I believe that demand will outstrip all of our supply through the year. Remember, we’re also going into the double-whammy. The double-whammy is the holiday season. Even before the holiday season, we were doing incredibly well, and then you add on top of it the Ampere factor, and then you add on top of that the Ampere holiday factor, and we’re going to have a really really big Q4 season.

Jensen also reiterated that the problem with Ampere was overwhelming demand, not an issue of supply. So many people apparently want the cards, it’s impossible to keep them on store shelves. I wouldn’t be surprised if this was part of the reason because Turing uptake has been quite low. A lot of gamers are back on 10xx GPUs, and the RTX 30xx family look like great upgrades relative to those cards. Could Ampere demand be the entire reason stocks are so hard to come by? It could be — but I suspect it isn’t the entire explanation.

First, we know bots were a problem at the RTX 3080 and RTX 3090 launches, and it’s not as if those users are going to have quit using them in the intervening period. Every retailer who isn’t running effective bot detection is going to be a problem.

Second, according to semiconductor analyst Daniel Nenni, Samsung’s 8nm yields are anything but good. In an August 30 podcast, Nenni said: “Samsung has had yield problems – serious, serious yield problems – throughout their history because they were first to a node, but TSMC is always first to high volume manufacturing, so you really have to separate the two.”

This does not automatically mean that Samsung’s 8nm is a low-yielding node, but there have certainly been questions about what yields look like, and no clear answers yet. Samsung has struggled to land major customers other than its own business for more recent advanced nodes. IBM and Nvidia are both fairly recent announcements, especially Nvidia’s high-end manufacturing.

Ampere Availability Could Make AMD’s Big Navi More Attractive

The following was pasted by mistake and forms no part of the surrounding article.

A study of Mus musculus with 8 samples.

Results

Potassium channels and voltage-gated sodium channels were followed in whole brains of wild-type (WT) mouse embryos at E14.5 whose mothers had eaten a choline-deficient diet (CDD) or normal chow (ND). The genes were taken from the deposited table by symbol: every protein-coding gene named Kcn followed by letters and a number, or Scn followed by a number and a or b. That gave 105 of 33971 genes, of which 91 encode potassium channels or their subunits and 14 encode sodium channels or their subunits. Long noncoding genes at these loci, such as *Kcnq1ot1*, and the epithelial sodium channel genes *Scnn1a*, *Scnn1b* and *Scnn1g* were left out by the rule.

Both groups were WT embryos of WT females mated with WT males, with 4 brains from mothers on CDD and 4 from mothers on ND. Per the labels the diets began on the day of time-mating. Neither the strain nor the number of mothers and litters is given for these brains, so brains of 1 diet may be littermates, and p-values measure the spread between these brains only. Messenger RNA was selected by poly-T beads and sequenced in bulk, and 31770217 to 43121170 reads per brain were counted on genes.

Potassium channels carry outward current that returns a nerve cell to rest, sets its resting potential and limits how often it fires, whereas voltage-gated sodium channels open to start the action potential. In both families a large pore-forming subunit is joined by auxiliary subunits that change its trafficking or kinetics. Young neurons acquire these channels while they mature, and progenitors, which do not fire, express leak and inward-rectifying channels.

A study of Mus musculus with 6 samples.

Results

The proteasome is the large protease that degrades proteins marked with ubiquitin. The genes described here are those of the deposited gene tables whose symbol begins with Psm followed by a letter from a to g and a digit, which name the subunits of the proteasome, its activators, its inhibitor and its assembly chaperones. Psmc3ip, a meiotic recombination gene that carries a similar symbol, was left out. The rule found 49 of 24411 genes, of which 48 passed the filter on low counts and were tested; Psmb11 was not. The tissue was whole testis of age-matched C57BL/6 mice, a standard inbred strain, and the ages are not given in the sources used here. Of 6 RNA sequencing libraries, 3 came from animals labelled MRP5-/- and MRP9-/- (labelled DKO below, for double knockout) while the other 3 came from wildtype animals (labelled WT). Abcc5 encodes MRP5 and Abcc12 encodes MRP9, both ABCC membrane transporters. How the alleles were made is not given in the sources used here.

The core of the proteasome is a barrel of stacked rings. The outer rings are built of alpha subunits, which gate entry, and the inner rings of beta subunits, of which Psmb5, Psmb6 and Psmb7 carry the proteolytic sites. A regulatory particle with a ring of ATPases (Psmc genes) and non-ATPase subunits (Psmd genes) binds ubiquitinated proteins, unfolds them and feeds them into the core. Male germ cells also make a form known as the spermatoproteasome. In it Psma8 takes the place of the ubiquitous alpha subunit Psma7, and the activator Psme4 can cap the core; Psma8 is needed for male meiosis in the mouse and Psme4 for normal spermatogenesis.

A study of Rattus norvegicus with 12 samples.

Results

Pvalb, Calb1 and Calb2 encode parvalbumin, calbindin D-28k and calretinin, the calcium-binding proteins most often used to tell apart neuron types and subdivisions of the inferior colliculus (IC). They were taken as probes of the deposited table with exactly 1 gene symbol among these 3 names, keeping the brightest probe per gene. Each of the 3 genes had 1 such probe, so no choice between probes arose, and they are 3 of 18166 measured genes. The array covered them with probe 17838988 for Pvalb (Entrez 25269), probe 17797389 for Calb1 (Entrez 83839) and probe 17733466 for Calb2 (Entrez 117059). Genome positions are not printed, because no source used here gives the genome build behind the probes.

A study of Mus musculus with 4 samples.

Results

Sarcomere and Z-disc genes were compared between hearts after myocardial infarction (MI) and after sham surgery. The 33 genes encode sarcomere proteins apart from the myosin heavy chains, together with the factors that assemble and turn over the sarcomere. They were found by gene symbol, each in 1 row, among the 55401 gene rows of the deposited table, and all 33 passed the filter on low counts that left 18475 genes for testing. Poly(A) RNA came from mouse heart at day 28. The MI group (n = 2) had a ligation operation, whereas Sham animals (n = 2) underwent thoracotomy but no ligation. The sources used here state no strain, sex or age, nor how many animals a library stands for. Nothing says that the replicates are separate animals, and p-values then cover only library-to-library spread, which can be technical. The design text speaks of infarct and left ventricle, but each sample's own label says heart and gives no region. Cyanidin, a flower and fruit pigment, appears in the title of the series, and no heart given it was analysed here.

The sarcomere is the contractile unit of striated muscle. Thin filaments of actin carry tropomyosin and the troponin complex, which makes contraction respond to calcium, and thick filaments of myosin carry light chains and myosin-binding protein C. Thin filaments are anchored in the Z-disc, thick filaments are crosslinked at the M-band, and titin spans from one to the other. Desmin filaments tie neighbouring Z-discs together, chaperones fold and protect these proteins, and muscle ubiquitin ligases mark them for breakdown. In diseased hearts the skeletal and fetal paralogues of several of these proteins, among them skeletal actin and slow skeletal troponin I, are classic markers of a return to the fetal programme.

I really appreciate Jen-Hsun being honest about the limited supply of Ampere. It’s more common for companies to say nothing and leave us wondering when, exactly, GPU prices will start coming down from the stratosphere.

It is unlikely that scalpers will have allowed RTX 3080 and 3090 GPU prices to settle down in 30-60 days if supply remains limited relative to demand. If Nvidia truly delayed the RTX 3070 to build inventory, your best chance of getting one may be the moment they go on sale. After that, it could be catch-as-catch-can.

The big question now is: “Will AMD have a similar problem?” If RDNA2 and Ampere are relatively well-matched and one of them is $ 500 theoretically and $ 800 practically, that’s going to impact people’s buying decisions. AMD probably wins some sales based on Nvidia’s difficulty supplying the market, if prices on Nvidia GPUs stay inflated. Alternately, it’s possible that RDNA2 will get hit by exactly the same wave of bots or upgrade demand. It won’t really matter how RDNA2 compares with Ampere if both of them are impossible to find, and the reason won’t really matter to customers who don’t get to buy one.

Either way, I wouldn’t necessarily pin your hopes on a new GPU this Christmas.